Certainly it is a fool's errand to make any predictions for 2017, even if it is this time of the year when pundits dust off their crystal balls. Yet, this week has seen enough action that we can confidently describe the engines that will drive the political year. With a 97,63% odds for the country to crash in a wall.
The regime is cornered. So Maduro, trying to rise above chavismo divisions and his fears that the military may not be fully behind him, did his ultimate provocation: to name a radical cabinet where the intentions are clear. Those are to break anything that is not already fully controlled by the regime. The short list is the opposition leadership, the rump private sector still existing (least they would fund a political campaign for dog catcher), universities and private education. That is all I think, there is nothing else left.
For this he has named avowed communists to economic posts, and radical narko and/or terrorists at the security levels. The military still control the key posts of defense and food, those where the money is. Not to improve these sectors, but to make sure that they are the ones to take their slice first. Journalists Hannah Dreier and Joshua Goodman had a wonderful, frightening piece about how corrupt is the Venezuelan army at all levels. I can vouch from my own experiences, personal ones and those of my clients and providers they these writers are not exaggerating a bit. In fact I could tell worse stories if I were not afraid of my own security and of those involved. Remember: this is a dictatorship and I write FROM Venezuela. Besides, even if I were to report on such things to which Venezuelan court should I go? This will have to wait for better days when it will become possible to prosecute criminals. Meanwhile there is plenty of work to be done elsewhere.
Faced with the perspective of more repression, more looting, more ruin, more misery, more hunger, more disease, the National Assembly did the only thing it could do, throw away any pretense of dialogue and challenge the regime. The challenge is simple; let's have general elections for everything and see who "el pueblo" is with. That is truly the only thing the opposition can do as the high court of Venezuela has stripped it unconstitutionally of its prerogatives. Never mind that Maduro has even cut any funds for the Assembly as representatives have not gotten a pay check in months, apparently.
The opposition also threw a direct challenge at the Venezuelan Army by telling them they should chose between a narco/terrorist regime or democracy. The army replied swiftly with the expected words from Defense minister Padrino as to Maduro being inside the constitution and the opposition not (he counted the votes in 2015, he knows first hand who is on top even if he pretends to the contrary). But his words of fealty to Maduro are not interesting, the speed of his reply is. Clearly in front of such a challenge a careful worded answer would have needed a couple of days. Certainly an immediate buzz Trump-like tweet could have been sent, but the reply with all necessary arguments should have taken longer. That it was so speedy and so incomplete and almost besides the point tells me that the army is now controlled by a tight small committee that does not consult any one else in the ranks. I am taking here at most of a couple of dozen generals and admirals (note that Venezuela has more generals than the US). Far from reassuring, that Padrino letter raises more doubts about what is really going on inside the army and what hold he has at this point.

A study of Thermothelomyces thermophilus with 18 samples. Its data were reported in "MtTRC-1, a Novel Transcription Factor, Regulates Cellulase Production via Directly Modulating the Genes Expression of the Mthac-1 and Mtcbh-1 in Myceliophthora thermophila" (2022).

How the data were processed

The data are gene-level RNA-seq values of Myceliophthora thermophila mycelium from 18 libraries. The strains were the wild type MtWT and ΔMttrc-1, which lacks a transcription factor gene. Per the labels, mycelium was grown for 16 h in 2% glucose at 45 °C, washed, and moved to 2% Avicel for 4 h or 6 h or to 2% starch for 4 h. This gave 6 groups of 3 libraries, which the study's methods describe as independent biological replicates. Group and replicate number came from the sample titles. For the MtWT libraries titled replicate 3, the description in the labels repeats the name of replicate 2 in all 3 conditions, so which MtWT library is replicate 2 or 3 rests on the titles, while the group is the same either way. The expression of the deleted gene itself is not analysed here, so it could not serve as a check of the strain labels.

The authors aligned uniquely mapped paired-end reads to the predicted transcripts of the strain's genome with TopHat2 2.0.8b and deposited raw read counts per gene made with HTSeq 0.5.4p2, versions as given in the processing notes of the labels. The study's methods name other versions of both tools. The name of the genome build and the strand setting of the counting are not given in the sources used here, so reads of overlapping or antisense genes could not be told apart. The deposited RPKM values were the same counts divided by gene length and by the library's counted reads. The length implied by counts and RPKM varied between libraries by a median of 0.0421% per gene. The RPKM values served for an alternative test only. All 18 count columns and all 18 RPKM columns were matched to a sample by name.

Thus in front such stern positions there is no point in awaiting for a renewed dialogue. The opposition has stated clearly that it does not plan to attend on January 13 and thus the regime sent the bro/sis team to the Vatican in a hurry to try to have the Vatican seat the opposition leadership. At least Jorge and Delcy did have time for some lingerie shopping, they do have dollars you see. yet, note that mediators are not back in town and that they had to go to Rome to ask the Vatican to come back. January 13 does not look good for the regime which counts on a "dialogue" to gain time. It worked out well since it gave an excuse to suppress a recall election that would have been suppressed anyway. But there are limits.
The thing about the dialogue is that the world is starting to shrink around the regime. When you name a Hezbollah friend and known paramilitary organizer involved in drug trafficking as the vice president of a country you need to compensate throwing flowers from some window. At the end of last year Mercosur gave the boot to Venezuela. A few days ago Peru opened its borders to Venezuelan refugees, quite an embarrassment for a regime that pretends we are all fat and healthy and happy. With Trump about to be sworn in the real danger is not that the OAS applies sanctions to Venezuela, it is that the US sends the OAS ad patres and organizes an anti Venezuelan coalition of those that matter. Mind you, Trump will not waste a Marine's drop of blood on Venezuela but he will apply such a quarantine on a bratty country that the Cuban embargo will be a child's play. And not even to get its hand on a Venezuelan oil that frankly, my dear, the US does not give a damn about it anymore. At least with a functional OAS, even if banned, Venezuela could lodge complaints........
These are the driving forces of what will unfold over the next months. A regime whose leadership faces international prosecution fights for its survival and cannot come up with anything else but put in charge its worst elements. An opposition that has nothing left but prepare for massive protests and massive repression. An army that needs to figure out whether it has any future left as an army. An international community that is becoming aware of Venezuela as a time bomb for refugees.
You do the math and forge your own vision for the first semester of 2017.